Venezuelan Jews Accept Israel's Recognition of Opposition Leader, Chief Rabbi Says

The usually neutral community backs Israel's decision to legitimize the claim to power by Maduro's opponent

Juan Guaido, who swore himself in as the leader of Venezuela, at a protest in Caracas, Venezuela, Saturday, February 2, 2019.Credit: Bloomberg
JTA
JTA

Venezuela’s chief rabbi said his community “accepts” Israel’s recognition of the claim to power by an opposition leader fighting to oust Venezuelan President Nicolas Maduro.

Rabbi Isaac Cohen’s statement seems to contradict his community’s policy of neutrality in the power struggle.

“We don’t know where we’re standing now,” Cohen said during an interview Tuesday with the Israeli Broadcasting Corporation in another expression of uncertainty on Venezuela’s political situation. “Maduro rules the country right now, but they appointed another president, Juan Guaido.”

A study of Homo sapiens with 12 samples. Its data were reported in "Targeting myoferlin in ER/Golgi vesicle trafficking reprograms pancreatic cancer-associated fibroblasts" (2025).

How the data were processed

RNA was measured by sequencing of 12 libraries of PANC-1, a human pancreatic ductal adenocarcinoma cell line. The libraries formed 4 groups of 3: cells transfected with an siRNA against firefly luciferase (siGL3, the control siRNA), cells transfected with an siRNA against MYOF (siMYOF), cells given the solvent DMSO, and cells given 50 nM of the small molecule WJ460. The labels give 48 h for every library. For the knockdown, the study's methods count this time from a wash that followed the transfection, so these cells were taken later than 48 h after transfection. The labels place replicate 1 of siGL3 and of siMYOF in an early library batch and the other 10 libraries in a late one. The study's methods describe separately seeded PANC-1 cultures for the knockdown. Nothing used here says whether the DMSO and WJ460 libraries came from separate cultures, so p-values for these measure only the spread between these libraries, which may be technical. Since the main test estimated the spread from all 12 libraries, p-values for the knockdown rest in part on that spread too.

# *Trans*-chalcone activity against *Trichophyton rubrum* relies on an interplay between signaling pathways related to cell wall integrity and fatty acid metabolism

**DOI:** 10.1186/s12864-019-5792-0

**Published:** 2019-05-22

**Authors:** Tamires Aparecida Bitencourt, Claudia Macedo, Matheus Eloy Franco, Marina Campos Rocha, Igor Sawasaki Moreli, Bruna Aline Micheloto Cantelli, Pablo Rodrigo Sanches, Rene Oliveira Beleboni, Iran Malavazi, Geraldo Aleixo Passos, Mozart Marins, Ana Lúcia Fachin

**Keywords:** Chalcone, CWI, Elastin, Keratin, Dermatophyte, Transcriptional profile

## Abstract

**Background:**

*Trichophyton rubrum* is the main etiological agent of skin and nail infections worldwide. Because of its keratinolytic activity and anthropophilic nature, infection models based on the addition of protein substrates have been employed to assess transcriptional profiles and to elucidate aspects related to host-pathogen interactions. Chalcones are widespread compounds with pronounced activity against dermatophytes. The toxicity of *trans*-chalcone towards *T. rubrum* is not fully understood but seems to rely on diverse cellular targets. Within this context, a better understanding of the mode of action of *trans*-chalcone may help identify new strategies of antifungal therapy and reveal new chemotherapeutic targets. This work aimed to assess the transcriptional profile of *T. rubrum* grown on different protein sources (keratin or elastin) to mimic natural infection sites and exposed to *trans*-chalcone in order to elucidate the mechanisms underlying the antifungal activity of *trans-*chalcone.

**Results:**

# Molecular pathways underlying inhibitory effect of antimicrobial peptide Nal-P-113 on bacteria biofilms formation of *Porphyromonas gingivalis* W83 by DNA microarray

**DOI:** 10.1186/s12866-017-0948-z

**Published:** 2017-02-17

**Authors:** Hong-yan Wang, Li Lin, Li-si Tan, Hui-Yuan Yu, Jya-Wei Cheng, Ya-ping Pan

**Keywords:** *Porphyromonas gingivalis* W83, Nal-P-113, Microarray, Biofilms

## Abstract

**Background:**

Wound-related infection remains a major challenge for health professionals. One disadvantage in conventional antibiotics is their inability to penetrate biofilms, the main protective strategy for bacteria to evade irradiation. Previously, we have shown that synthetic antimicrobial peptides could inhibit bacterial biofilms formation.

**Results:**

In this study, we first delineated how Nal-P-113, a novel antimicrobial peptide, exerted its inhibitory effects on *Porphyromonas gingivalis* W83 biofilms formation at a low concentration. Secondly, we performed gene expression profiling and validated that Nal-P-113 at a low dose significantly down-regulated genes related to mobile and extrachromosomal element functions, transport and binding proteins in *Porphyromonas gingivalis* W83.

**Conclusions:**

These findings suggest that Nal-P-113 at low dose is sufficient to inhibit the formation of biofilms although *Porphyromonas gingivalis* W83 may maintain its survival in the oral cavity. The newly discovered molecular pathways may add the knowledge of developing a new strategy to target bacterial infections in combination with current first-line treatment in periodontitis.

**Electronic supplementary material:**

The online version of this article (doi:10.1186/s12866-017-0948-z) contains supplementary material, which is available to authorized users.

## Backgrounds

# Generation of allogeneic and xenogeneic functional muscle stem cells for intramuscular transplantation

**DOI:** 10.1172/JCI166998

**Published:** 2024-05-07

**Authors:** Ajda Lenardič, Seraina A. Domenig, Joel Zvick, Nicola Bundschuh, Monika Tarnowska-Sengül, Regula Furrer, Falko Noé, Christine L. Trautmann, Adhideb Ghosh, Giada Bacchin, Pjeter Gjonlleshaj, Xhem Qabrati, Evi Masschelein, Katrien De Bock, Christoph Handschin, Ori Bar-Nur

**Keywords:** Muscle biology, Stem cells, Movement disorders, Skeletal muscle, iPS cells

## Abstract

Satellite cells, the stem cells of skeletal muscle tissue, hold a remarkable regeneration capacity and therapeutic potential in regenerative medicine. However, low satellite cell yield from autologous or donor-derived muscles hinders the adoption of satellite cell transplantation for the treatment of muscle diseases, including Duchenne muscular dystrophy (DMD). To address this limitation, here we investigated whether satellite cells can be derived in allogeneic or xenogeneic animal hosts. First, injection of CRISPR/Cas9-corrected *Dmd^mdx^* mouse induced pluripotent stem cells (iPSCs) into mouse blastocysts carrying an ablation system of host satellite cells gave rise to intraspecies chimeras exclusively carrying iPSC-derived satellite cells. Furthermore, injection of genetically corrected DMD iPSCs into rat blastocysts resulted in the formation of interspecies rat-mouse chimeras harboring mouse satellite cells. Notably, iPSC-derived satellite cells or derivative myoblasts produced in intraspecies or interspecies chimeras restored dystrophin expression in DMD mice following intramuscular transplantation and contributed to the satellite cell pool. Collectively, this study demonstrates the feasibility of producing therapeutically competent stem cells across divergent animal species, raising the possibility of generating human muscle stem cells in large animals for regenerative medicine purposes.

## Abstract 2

The United States, Israel and several Latin American nations recognized Guiado as interim president last month. The recognition followed Guaido’s swearing himself in unilaterally during a mass rally against the inauguration of Maduro, who won Venezuela’s discredited 2018 elections.

Amid wild inflation and severe shortages in basic commodities under Maduro, a far-left socialist, protests erupted across Venezuela. Security forces responded with raids that have killed dozens of people over the past two weeks.

Support for Maduro, a vitriolic critic of Israel, isn’t high among Venezuela’s middle-class Jewish community of some 10,000. But throughout the unrest, the Jewish community has kept to a line of strict neutrality.

Yet when asked what his community thinks of Israel’s decision to recognize Guaido, Cohen said “We accept it.”

Shlomo Amar, a chief rabbi of Jerusalem, said in the same interview that Maduro told him when he visited Venezuela in December that he’s descended from “a Dutch Jewish community that was exiled to South America.” Most such traffic was in the opposite direction.